The coronavirus pandemic has affected every sector of our society. The cruellest effects are being levied upon older people and COVID-19 has also taken a disproportionate toll on people of colour. Many countries are working to address the major health-disparity issues responsible for this, which will help alleviate the suffering across many communities. Solutions can’t come soon enough.
The coronavirus pandemic has created challenges for every generation. Among those hit hardest economically and socially is Generation Z. Gen Z, or Zoomers as they are becoming better known, were born between the mid-1990s and early 2010s. Gen Z is a digitally native, digitally nomadic cohort, willingly and easily embracing new forms of communication. They are politically active, globally engaged and are proving, above all, to be resilient – in their ideals, in their ability to adapt to the challenges they face and to affect positive change. Older Zoomers have experience of the last economic recession in 2008 and were already peering into a future burdened by student debt, rising house prices, lower wages and fewer job opportunities. Gen Z are the demographic most likely to have suffered the biggest economic impact of COVID-19(1). Chuck in a pandemic that’s taking away their loved ones and threatening to further reduce their social and economic options for years to come and Gen Z faces an uphill climb into maturity and independence.
The Deloitte Global Millennial Survey 2020(2) comprised a two stage, online self-complete-style interview exploring the views and perspectives of over 27.5K millennials and Gen Zs before and after the start of the pandemic. The survey found 44% of Gen Z respondents reported feeling stressed most or all of the time, with 41% citing concern for the welfare of their families as a major cause of the stress. 43% of Zoomer respondents were concerned for their longer-term financial futures and 46% for their job prospects.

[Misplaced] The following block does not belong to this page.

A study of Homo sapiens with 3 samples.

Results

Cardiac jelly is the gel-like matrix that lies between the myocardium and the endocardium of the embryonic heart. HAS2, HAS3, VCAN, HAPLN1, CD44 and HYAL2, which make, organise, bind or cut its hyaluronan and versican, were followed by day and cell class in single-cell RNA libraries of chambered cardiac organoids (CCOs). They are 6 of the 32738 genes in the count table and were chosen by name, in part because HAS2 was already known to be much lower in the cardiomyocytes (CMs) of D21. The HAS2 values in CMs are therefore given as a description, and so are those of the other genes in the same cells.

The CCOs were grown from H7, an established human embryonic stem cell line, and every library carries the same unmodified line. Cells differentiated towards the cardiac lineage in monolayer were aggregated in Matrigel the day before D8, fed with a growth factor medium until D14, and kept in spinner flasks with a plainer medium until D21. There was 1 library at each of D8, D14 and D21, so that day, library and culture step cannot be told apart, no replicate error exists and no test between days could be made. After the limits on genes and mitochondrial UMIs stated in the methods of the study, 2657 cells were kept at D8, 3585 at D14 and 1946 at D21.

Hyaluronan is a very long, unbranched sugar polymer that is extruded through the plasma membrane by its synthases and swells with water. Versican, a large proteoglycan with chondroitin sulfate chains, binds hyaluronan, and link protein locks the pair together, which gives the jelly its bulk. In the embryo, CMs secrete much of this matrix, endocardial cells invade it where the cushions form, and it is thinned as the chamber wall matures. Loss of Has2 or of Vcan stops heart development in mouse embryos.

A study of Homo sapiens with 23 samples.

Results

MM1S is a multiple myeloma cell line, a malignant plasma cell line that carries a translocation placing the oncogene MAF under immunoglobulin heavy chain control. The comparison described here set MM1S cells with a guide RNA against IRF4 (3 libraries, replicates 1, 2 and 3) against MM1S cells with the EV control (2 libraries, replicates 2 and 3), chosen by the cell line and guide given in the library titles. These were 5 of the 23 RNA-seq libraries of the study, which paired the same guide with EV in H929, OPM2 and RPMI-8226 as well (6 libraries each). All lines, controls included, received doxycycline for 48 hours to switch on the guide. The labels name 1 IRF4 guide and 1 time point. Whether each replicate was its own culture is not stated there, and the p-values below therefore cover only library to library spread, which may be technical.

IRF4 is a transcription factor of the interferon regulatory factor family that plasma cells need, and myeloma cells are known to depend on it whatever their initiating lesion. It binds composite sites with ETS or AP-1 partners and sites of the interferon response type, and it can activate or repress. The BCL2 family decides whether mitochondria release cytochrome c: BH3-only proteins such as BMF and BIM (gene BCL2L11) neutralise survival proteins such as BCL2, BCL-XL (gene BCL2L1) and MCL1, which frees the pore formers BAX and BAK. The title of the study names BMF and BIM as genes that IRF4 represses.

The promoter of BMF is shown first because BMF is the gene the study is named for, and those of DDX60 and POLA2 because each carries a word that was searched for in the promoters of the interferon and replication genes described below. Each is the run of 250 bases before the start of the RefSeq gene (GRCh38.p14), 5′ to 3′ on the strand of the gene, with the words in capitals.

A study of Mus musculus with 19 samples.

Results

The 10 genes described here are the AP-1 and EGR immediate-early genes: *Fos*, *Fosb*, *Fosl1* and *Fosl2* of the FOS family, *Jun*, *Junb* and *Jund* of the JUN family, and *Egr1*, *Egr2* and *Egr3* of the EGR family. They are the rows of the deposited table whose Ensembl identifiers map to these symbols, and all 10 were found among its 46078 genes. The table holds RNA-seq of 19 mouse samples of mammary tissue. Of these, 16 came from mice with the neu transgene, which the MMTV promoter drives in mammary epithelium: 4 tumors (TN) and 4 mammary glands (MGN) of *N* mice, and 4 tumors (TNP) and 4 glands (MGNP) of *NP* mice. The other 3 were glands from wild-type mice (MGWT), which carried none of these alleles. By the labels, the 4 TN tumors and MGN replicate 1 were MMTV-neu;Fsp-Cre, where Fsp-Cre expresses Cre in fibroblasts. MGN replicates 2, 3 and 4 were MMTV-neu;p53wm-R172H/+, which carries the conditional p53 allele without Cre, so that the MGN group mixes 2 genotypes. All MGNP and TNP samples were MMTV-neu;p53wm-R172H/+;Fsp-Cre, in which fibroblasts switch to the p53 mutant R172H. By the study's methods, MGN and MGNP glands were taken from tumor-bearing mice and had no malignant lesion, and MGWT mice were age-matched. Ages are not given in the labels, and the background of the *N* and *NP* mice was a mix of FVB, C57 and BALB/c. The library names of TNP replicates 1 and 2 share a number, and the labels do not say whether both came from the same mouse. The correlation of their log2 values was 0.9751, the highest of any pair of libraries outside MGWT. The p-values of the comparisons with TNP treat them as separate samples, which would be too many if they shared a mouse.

Despite the effects of the pandemic on their personal situations, Gen Z has shown a constant and greater concern for the environment and for the wellbeing of the global community in which they live. These were issues of concern to Gen Z before the pandemic, and have remained so throughout it. 29% of Gen Z reported climate change/protecting the environment as their top concern. The drop in pollution levels resulting from the lockdowns has shown there is hope for the environment, with Gen Z taking optimism and motivation from this and turning both into action. Income inequality/wealth distribution was also a high-ranking concern for 20% of the Gen Z population surveyed. 74% of Gen Z said the pandemic has increased their empathy and made them more sympathetic towards the needs of people around the world. 73% said that, once restrictions are lifted, they will be proactive in taking positive action to improve the lives of people in their communities. Over two-thirds are already doing more than they did before to help others and the environment.
As the mother of two Zoomers, these findings chime with my own observations and I take comfort from them. Despite the challenges of lockdown and concerns about its impact on young people’s mental health, Gen Zs are proving to be a resilient bunch; they are not about giving up or giving in, and they are holding on to what they believe. Gen Zs make purpose-driven decisions and are not afraid to seek professional support if needed. As a group they feel mostly optimistic about their future, although nearly one in five feels they have negative prospects. A key reason for the optimism is that they have a vision of a future that could be; a future where they can get on with their lives, go out with their friends, and, as my son put it, “just do stuff again” (hopefully this includes learning to pick up his socks, but I doubt it). Gen Z is already turning the page. Their lives are becoming their own and they intend to use those lives to create a better post-pandemic world. While we can’t yet know how the pandemic will change society we are aware the coronavirus created a pause during which Gen Z saw an opportunity to hit the reset button and now, because of and thanks to them, the future ain’t what it used to be*.
- K Henehan, Class of 2020: Education leavers in the current crisis, Resolution Foundation, May 2020
- A world reimagined: The Deloitte 2020 Global Millennial Survey
* Possibly Yogi Berra, current evidence indicates phrase first used by Paul Valéry, Laura Riding and Robert Graves in 1937.